Nyoma advanced landing ground in eastern Ladakh being upgraded to handle fighter jets

The Indian Air Force is also tweaking the engines of fighter jets so that they can be started in high-altitude areas.

Updated - August 13, 2023 12:56 am IST

Published - August 12, 2023 10:28 pm IST - NEW DELHI

Nyoma is located at an altitude of about 13,700 feet and close to the south Bank of Pangong Tso. It is very close to the LAC in eastern Ladakh.  File image of Nyoma Advanced Landing Ground. Photo: Special Arrangement

Nyoma is located at an altitude of about 13,700 feet and close to the south Bank of Pangong Tso. It is very close to the LAC in eastern Ladakh.  File image of Nyoma Advanced Landing Ground. Photo: Special Arrangement

As part of the continuing infrastructure development along the Line of Actual Control (LAC), work on the expansion of the Advanced Landing Ground (ALG) at Nyoma in eastern Ladakh commenced this week, defence sources confirmed. It will see the runway expanded to beyond 9,000 feet, making it capable of handling fighter jets. In addition, the Indian Air Force (IAF) is also tweaking the engines of fighter jets so that they can be started in high-altitude areas, a defence source said.

“The ground-breaking ceremony was held early this week and it is expected to take two or three years for completion due to limited working seasons,” a defence source said. The concrete runway will be extended to 9,000 feet-10,000 feet and will be able to handle all fighter aircraft

Nyoma is located at an altitude of about 13,700 feet and close to the south Bank of Pangong Tso. It is very close to the LAC in eastern Ladakh.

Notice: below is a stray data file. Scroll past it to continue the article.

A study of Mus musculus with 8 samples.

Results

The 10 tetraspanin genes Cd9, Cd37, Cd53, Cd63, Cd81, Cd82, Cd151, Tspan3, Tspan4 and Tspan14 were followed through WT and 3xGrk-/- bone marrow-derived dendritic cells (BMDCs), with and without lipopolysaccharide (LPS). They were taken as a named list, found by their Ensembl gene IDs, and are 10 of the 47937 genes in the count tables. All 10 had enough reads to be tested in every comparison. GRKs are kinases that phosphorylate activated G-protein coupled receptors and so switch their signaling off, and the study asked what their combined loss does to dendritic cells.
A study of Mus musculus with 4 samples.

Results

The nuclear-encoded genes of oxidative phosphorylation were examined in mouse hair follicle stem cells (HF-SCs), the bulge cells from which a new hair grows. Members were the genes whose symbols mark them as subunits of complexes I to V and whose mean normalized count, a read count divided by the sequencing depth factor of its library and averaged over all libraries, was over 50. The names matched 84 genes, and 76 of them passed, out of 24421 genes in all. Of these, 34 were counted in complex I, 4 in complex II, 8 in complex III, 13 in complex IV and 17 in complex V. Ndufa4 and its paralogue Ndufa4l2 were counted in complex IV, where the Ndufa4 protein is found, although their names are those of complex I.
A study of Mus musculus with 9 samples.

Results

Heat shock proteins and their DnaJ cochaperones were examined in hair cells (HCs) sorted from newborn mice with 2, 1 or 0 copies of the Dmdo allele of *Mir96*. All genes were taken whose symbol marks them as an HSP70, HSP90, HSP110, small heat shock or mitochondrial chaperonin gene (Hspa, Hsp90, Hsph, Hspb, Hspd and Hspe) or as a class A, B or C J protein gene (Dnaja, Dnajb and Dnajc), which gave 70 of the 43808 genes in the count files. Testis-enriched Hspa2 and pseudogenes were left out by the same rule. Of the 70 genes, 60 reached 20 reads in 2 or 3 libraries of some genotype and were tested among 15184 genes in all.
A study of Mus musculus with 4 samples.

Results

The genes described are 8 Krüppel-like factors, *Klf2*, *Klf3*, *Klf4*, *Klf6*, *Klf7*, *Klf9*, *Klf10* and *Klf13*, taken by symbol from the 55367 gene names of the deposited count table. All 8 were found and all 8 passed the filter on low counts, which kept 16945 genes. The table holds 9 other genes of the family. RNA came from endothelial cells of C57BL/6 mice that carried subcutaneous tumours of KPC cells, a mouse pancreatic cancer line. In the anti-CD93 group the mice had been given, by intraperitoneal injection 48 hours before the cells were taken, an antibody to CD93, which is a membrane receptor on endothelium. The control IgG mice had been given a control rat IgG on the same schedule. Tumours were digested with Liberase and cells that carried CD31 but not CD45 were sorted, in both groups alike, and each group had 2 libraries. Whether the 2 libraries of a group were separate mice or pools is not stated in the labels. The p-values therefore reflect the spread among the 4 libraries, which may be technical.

The IAF also has airfields in Leh and Thoise and ALGs at Daulat Beg-Oldie (DBO) and Fukche. However, the Leh and Thoise airfields are located much inside and officials with knowledge of the area said that weather at Nyoma is much more stable compared with the other two airfields, enabling seamless operations.

At the height of the stand-off in 2020, the IAF moved its Mi-17 medium lift, CH-47F Chinook heavy-lift helicopters and AH-64E Apache attack helicopters to Nyoma for supporting troops deployed in forward areas as well as for surveillance and intelligence gathering.

In addition, to overcome the challenges faced by fighter jets in starting at high-altitude airfields, the engines are being tweaked to enable them to start at extremely low temperatures. The region has temperatures plummetting to -40 degrees Celsius during winter, officials said. This is being done all across as required, the source cited above said.

For instance, the Army which had deployed tanks and artillery at 15,000 feet had to come up with solutions to keep the equipment functioning in the extreme conditions. The K9 Vajra tracked self-propelled howitzers, which were mainly brought for deserts, were deployed in eastern Ladakh during the stand-off. To ensure that they performed optimally, the Army procured winterisation kits which includes nine items, including batteries, oils and lubricants which need to be insulated from extreme temperatures and don’t freeze at -20 degrees Celsius and beyond.

In the past three years, China has upgraded all its airfields in this area as well as built new ones as part of the overall construction drive being undertaken along the 3,488-km-long LAC, permanently altering the status quo. The infrastructure includes dual use airfields, roads, accommodation for troops, ammunition dumps and so.

In addition, China has also upgraded roads opposite eastern Ladakh as well as strengthened alternate approaches around its Moldo garrison opposite the south Bank of Pangong Tso as part of efforts to reduce its vulnerabilities as seen in August 2020 when the Indian Army deployed tanks and troops on mountain peaks in the Kailash range overlooking the gap.